Twitter has backtracked from its policy of restricting the sharing of hacked material on its platform following backlash over its decision to block a news story about Joe Biden.

Last week the conservative-leaning New York Post published a story featuring emails alleging impropriety in Biden’s dealings with Ukraine when he was vice-president and claiming he heeded his son Hunter’s business interests.

The story has been flatly denied by the Biden campaign and has not been verified by other publications.

The story was reportedly based on emails stolen from Hunter Biden’s laptop which had been given to a computer repair shop.

Both Twitter and Facebook quickly restricted the sharing of the story on their platforms. While Facebook reduced the prominence of the story until a third-party fact check was conducted, Twitter moved to ban users from sharing links to the story in tweets and private messages, but didn’t tell users why for several hours.

According to Twitter, the story was blocked for two reasons: it contained personal information including a private email address, and contained hacked material.

Twitter introduced a policy in 2018 to attempt to limit “hack and leak” information operations that were being run from Russia in 2016.

A day after it began blocking the posting of the story, Twitter started to allow users to post it after the private information contained in it became “widely available” in the press and on other platforms.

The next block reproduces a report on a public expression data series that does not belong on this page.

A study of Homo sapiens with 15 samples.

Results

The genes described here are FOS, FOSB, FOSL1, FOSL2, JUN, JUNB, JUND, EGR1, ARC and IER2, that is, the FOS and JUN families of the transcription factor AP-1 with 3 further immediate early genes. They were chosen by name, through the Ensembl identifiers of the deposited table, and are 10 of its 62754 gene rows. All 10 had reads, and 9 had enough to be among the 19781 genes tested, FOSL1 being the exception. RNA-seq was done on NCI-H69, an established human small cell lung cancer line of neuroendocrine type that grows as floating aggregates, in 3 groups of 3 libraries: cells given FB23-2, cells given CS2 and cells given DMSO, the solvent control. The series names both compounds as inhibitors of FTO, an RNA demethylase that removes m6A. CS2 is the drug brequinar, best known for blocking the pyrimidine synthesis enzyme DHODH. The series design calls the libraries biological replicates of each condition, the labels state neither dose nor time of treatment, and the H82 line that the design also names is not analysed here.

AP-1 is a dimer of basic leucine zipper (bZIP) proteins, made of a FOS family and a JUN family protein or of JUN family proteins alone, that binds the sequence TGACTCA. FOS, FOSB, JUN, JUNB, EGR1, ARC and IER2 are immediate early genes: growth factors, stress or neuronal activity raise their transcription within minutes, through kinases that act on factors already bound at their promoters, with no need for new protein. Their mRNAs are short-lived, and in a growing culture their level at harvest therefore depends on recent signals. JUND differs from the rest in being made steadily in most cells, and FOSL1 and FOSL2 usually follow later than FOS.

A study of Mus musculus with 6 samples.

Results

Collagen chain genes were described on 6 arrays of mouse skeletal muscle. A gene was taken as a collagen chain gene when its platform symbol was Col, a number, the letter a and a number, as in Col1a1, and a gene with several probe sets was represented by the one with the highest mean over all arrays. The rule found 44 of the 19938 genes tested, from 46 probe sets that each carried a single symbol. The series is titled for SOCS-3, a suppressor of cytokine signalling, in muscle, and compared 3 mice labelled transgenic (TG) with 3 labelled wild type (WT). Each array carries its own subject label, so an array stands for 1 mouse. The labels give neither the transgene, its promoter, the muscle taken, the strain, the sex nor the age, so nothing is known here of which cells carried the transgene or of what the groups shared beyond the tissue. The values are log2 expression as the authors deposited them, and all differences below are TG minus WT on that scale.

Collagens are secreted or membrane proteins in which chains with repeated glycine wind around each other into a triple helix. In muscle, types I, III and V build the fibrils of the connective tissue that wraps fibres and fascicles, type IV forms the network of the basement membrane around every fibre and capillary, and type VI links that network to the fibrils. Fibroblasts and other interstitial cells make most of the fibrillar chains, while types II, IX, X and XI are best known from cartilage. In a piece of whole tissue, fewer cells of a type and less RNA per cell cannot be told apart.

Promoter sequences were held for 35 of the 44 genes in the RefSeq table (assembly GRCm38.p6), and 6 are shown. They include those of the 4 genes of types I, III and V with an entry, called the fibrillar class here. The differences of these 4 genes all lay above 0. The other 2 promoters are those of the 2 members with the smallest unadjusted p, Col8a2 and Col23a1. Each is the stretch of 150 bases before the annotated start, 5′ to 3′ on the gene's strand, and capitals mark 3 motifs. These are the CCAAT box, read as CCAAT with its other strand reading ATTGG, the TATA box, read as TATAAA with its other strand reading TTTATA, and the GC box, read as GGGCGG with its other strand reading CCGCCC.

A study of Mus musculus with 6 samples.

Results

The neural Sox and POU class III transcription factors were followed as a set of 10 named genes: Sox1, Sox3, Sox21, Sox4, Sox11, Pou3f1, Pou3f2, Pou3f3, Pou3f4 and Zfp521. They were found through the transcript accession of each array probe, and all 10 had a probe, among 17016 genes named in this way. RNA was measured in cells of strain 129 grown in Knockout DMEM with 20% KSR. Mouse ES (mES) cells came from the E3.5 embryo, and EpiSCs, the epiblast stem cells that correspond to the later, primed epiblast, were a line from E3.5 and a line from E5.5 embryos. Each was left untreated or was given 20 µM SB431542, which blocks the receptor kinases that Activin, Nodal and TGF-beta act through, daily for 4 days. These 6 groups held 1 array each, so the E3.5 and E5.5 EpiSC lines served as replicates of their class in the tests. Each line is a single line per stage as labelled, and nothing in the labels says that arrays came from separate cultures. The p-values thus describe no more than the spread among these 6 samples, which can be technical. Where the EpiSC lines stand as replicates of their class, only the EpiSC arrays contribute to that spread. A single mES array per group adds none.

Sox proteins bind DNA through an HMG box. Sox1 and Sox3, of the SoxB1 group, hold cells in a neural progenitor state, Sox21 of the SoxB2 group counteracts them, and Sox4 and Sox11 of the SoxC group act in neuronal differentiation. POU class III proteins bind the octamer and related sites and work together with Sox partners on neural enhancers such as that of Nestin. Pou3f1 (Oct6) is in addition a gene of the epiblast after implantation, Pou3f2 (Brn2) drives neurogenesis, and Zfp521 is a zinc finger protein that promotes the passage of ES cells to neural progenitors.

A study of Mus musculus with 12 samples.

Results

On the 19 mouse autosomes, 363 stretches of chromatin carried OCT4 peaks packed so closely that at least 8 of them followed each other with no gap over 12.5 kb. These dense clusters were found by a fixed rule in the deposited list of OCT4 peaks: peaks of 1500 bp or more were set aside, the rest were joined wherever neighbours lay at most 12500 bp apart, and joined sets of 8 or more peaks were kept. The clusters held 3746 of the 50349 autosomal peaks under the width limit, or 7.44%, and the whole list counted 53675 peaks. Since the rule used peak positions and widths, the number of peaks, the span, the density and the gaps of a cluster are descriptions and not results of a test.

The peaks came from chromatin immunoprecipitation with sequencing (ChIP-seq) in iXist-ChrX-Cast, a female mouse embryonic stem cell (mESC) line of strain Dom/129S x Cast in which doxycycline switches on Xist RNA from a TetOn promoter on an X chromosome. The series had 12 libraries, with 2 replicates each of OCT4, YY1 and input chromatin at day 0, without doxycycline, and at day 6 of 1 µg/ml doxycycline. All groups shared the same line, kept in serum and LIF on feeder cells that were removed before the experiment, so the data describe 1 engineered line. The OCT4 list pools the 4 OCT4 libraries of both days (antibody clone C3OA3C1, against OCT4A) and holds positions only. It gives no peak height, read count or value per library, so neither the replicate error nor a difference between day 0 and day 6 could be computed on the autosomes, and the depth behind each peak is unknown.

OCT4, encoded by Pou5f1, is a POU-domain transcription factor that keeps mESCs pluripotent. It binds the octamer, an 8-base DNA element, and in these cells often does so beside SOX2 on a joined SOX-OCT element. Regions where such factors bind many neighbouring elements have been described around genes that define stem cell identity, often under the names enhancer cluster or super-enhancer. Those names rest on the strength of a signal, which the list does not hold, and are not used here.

Twitter policy chief Vijaya Gadde said the company had reviewed this policy and would be making some changes.

“We want to address the concerns that there could be many unintended consequences to journalists, whistleblowers and others in ways that are contrary to Twitter’s purpose of serving the public conversation,” Gadde said.

“We believe that labelling tweets and empowering people to assess content for themselves better services the public interest and public conversation.

“The Hacked Material Policy is being updated to reflect these new enforcement capabilities.

“We will no longer remove hacked content unless it is directly shared by hackers or those acting in concert with them. We will label tweets to provide context instead of blocking links from being shared on Twitter.”

Twitter CEO Jack Dorsey said the company was wrong to block links to the New York Post story.

“Straight blocking of URLs was wrong, and we updated our policy and enforcement to fix it,” Dorsey said. “Our goal is to attempt to add context, and now we have capabilities to do that.”

Twitter also this week removed a “misleading” tweet regarding the wearing of masks posted by one of Trump’s top advisors.

Trump is now actively positioning himself as being up against the big tech companies as part of the election campaign.

“We’re not just running against Joe Biden,” Trump said at a campaign rally. “We’re running against left-wing media and we’re running against big tech.”